On 18 June 2020, the European Parliament’s members decided with a broad majority to set up a new Special Committee on Artificial Intelligence in a Digital Age (with the beautifully musical acronym AIDA), for a duration of initially twelve months (extendable once by six months), and with 33 members.

After a series of own-initiative reports in several standing parliamentary committees on the topic of artificial intelligence (AI) over the past years, members felt it was high time for the European Parliament to address this important topic horizontally and with a long-term perspective, building upon, yet going beyond the sectoral approaches taken in the standing committees.

The new AIDA committee has a broad mandate and shall take a horizontal approach on AI, analysing its future impact on the EU economy, focusing on skills, employment, education, health, transport, environment, industry, e-government, and third-country approaches to AI.

To achieve its objectives, the committee will organise hearings and workshops with stakeholders, experts, policy-makers, and the business community.

At the end of our mandate, the committee shall submit a report with its findings and recommendations.

At the committee’s constitutive meeting on 23 September, AIDA Members elected Romanian liberal, Dragoş Tudorache, as AIDA Chair; later German EPP member, Axel Voss, was appointed rapporteur.

AIDA’s committee work kicked off with hearings with Commission Executive Vice-President Margrethe Vestager, Internal Market Commissioner Thierry Breton, the OECD, the German Presidency and the German Bundestag’s AI Special Committee.

Commissioner Vestager debated the AI White Paper and the upcoming legislative proposals with AIDA Members, expected in the first quarter of 2021. She encouraged the committee to look at AI from ’a 2030 angle’. Commissioner Breton highlighted that Europe is not lagging behind the US and China in the industrial ICT domain. He stressed that there is a need to regulate data sets used for AI purposes considering that some of them will be used for a very long period of time by smart and self-learning applications. He pointed out especially that a clear regulatory distinction is needed between “personal data” and “industrial data” for AI purposes.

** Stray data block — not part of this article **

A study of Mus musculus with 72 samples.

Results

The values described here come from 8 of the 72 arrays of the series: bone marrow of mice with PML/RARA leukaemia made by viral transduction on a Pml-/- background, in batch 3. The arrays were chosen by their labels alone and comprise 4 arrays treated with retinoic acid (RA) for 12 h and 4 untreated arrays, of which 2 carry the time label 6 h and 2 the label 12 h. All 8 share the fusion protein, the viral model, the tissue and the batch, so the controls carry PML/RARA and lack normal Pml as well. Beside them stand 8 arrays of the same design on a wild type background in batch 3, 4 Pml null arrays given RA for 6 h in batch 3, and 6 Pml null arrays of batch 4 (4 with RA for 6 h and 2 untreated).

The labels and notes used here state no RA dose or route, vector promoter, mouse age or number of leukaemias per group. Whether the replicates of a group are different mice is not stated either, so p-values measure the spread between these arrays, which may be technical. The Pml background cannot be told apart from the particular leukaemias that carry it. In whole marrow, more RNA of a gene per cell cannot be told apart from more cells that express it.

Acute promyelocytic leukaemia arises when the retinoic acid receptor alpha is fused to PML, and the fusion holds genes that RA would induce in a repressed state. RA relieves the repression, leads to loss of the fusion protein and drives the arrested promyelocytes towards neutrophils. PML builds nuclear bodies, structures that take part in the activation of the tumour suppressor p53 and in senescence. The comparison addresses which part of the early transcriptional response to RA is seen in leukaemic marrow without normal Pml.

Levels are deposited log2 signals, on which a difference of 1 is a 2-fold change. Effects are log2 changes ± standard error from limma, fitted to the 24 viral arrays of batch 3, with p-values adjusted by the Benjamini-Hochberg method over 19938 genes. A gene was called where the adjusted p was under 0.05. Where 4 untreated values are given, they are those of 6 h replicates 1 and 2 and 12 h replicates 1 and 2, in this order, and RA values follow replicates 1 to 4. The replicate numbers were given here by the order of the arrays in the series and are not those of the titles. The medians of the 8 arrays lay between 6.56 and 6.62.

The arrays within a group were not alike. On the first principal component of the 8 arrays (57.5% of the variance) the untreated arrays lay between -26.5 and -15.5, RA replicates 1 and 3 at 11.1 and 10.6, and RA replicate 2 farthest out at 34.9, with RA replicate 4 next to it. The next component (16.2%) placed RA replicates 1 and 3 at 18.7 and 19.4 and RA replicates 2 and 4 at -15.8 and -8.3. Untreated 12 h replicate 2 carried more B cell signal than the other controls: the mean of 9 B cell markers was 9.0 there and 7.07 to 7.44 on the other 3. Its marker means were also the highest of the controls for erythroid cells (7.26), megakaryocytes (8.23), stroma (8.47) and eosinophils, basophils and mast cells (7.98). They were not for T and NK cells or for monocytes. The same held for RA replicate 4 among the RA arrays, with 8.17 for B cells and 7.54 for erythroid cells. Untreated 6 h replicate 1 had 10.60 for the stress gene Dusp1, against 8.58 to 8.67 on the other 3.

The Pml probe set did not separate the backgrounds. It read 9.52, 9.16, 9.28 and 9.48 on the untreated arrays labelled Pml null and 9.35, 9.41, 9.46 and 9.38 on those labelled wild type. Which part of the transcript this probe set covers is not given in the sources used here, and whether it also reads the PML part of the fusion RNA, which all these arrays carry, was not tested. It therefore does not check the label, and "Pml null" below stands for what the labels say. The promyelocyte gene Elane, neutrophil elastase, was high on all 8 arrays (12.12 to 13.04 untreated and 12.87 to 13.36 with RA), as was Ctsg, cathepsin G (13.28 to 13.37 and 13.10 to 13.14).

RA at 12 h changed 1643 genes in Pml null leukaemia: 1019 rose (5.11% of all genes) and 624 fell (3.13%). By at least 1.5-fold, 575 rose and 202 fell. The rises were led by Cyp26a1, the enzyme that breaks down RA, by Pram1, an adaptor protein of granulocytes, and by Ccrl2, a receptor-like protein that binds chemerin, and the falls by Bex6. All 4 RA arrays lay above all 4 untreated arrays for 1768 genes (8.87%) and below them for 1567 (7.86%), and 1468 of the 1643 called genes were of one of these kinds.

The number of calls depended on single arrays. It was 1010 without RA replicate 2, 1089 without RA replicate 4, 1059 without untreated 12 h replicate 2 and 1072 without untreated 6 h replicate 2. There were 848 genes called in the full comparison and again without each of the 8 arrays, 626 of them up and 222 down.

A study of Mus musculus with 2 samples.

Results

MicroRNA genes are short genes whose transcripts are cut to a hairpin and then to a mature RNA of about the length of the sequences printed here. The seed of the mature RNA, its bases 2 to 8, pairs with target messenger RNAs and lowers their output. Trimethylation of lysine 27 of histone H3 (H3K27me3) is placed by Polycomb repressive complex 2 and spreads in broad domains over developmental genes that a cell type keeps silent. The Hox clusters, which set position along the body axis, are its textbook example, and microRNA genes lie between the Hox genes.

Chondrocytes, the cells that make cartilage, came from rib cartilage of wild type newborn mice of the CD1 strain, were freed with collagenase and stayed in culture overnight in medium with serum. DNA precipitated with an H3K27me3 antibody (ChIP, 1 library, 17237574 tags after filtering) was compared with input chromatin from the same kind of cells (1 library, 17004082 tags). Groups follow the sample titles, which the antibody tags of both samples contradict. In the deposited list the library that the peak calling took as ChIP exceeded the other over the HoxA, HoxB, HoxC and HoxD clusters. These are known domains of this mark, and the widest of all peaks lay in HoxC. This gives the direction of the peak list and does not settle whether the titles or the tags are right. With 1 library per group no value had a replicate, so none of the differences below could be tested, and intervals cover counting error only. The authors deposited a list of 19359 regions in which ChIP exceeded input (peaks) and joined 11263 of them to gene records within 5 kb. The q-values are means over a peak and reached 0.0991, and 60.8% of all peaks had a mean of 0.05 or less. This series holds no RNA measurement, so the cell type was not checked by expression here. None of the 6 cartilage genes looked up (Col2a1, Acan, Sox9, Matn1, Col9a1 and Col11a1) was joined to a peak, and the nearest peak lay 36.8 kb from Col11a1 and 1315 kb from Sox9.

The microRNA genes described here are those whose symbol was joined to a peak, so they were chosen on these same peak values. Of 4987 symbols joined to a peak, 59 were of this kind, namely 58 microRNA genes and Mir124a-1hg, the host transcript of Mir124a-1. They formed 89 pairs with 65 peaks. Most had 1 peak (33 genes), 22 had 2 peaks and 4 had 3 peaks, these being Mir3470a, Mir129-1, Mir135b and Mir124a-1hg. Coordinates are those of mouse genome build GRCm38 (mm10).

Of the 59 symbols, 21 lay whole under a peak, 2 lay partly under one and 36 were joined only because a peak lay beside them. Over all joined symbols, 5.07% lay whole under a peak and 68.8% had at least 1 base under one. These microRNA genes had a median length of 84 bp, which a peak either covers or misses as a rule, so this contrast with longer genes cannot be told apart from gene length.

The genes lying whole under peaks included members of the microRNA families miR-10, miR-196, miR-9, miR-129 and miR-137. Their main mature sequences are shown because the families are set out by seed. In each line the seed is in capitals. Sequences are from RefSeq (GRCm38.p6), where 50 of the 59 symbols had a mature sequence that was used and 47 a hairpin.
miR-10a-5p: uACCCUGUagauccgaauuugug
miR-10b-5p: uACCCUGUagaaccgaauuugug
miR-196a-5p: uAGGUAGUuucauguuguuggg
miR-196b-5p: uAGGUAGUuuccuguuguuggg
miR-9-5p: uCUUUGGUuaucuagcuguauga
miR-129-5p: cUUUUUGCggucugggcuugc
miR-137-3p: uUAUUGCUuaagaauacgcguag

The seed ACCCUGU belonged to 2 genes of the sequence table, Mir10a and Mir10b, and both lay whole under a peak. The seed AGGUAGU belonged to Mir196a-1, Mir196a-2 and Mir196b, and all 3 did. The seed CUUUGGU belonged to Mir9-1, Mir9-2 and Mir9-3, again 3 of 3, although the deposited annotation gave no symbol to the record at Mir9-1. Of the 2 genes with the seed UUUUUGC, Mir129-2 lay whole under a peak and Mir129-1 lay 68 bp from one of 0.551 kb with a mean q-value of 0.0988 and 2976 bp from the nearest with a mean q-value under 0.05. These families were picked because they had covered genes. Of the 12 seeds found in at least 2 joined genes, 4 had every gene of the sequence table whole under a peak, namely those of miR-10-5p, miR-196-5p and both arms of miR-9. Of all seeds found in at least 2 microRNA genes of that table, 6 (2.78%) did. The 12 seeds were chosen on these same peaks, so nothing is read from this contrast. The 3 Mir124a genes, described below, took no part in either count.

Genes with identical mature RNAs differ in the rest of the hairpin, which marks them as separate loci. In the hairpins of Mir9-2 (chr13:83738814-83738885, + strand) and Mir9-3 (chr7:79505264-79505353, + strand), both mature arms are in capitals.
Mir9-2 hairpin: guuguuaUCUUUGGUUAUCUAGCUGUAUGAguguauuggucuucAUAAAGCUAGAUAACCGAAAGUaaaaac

The OECD’s Director for Science, Technology and Innovation, Andrew Wyckoff, and Deputy Director, Dirk Pilat presented the OECD’s extensive work on AI. To illustrate this, the OECD speakers presented Members with an online repository of over 300 AI policy initiatives

German Green MP Anna Christmann, who represented the Bundestag AI Special committee AI– Social Responsibility and Economic, Social and Ecological Potential, presented the findings of its final report, covering numerous sectoral applications of AI. A summary in English of the 800-page report is available under the AIDA meeting documents.

AIDA will now start its thematic hearings, starting with AI & health on 2 December (which Members identified as particularly topical in the current context). This shall be followed by further hearings in the coming months, such as on AI & the EU Green Deal, AI’s external dimension (AI diplomacy and security & defence), AI & competitiveness, and AI & labour markets.

The rapporteur may, depending on the decision on the extension of AIDA’s mandate, present a draft working document for his draft report around spring or summer 2021.

If you are interested in following the AIDA committee’s work, please visit the AIDA committee website, subscribe to the AIDA newsletter or contact the AIDA secretariat.

Marcus Scheuren, a German and British national, heads the committee secretariat of the European Parliament’s recently created Special Committee on Artifical Intelligence in a Digital Age (AIDA).

He has been working in the European Parliament since 2011, in the Economic and Monetary Affairs Committee (ECON), the Special Committee on Tax Rulings (TAXE, in response to the LuxLeaks revelations), the Inquiry Committee on Money Laundering, Tax Avoidance and Tax Evasion (PANA; in response to the Panama Papers scandal), and most recently in the Industry, Research & Energy Committee (ITRE).

Before he worked in the EU’s Committee of the Regions, and in a British regionoal representative office to the EU. Marcus graduated in business administration at the University of Bayreuth/ Germany, and at the EDHEC Business School (École des hautes études commerciales) in Nice, France.